Date: Aug 2, 2006 11:21 PM
Author: john baez
Subject: Re: This Week's Finds in Mathematical Physics (Week 236)
Someday I'd like to go on and describe systems of notation for

ordinals above the Feferman-Schuette ordinal. But I might not

get around to it, so here's some stuff for anyone interested -

including possibly my future self.

This paper introduced the "Schuette Klammersymbole", which

generalize the Veblen hierarchy:

27) Kurt Schuette, Kennzeichnung von Orgnungszahlen durch rekursiv

erklaerte Funktionen, Math. Ann 127 (1954), 15-32.

These papers discuss a general concept of "ordinal notation system",

which includes the Schuette Klammersymbole and also something

called the "n-ary Veblen hierarchy":

28) Anton Setzer, An introduction to well-ordering proofs in Martin-

Loef's type theory, in Twenty-Five Years of Constructive Type Theory,

eds. G. Sambin and J. Smith, Clarendon Press, Oxford, 1998, pp. 245-263.

Also available at http://www.cs.swan.ac.uk/~csetzer/index.html

Anton Setzer, Ordinal systems, in Sets and Proofs, Cambridge U. Press,

Cambridge, 2011, pp. 301-331. Also available at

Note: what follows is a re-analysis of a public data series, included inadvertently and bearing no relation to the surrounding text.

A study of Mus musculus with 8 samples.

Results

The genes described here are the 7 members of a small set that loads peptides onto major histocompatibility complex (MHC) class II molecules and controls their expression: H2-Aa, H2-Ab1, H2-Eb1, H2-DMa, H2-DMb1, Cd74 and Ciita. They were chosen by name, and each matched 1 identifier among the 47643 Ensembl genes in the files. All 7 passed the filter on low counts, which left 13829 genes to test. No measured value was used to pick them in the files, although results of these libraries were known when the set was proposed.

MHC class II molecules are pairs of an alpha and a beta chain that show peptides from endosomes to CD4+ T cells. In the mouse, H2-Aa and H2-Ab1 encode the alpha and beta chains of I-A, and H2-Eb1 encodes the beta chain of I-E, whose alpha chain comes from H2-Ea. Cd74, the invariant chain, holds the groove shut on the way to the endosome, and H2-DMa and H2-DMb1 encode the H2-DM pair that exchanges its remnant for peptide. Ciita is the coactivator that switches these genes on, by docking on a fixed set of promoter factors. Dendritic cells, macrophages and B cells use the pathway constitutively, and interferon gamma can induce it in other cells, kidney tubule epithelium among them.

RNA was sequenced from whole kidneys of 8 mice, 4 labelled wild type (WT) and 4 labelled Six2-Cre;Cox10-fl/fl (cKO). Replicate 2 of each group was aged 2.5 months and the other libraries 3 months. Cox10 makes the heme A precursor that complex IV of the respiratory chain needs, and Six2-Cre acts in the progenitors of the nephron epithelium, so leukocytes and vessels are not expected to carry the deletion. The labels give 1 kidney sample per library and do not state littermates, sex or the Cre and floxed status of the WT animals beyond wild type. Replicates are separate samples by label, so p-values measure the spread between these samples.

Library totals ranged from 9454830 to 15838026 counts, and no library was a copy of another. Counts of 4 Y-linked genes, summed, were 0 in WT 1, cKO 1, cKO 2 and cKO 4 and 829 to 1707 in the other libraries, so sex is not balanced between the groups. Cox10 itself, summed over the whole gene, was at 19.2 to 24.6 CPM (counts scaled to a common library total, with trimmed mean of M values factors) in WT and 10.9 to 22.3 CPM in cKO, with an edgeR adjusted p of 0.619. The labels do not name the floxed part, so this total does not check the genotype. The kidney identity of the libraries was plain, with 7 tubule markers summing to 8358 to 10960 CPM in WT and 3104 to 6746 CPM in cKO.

http://www.cs.swan.ac.uk/~csetzer/index.html

This paper has a nice expository section on generalizations of the

Veblen hierarchy:

29) Jean H. Gallier, What's so special about Kruskal's theorem and

the ordinal Gamma_0? A survey of some results in proof theory,

sec. 7: A glimpse at Veblen hierarchies, Ann. Pure Appl. Logic 53

(1991), 199-260. Also available at

http://www.cis.upenn.edu/~jean/gallier-old-pubs.html

This paper is very useful, since it compares different notations:

30) Larry W. Miller, Normal functions and constructive ordinal notations,

J. Symb. Log. 41 (1976), 439-459.

You can get it through JSTOR if you have access to that.

This webpage gives a nice definition of "ordinal notation system"

as a coalgebra of a certain functor - nice if you understand categories,

that is:

31) Peter Hancock, Ordinal notation systems,

http://homepages.inf.ed.ac.uk/v1phanc1/ordinal-notations.html

Finally, the Wikipedia article on "large countable ordinals" has

some references to books which are, alas, out of print.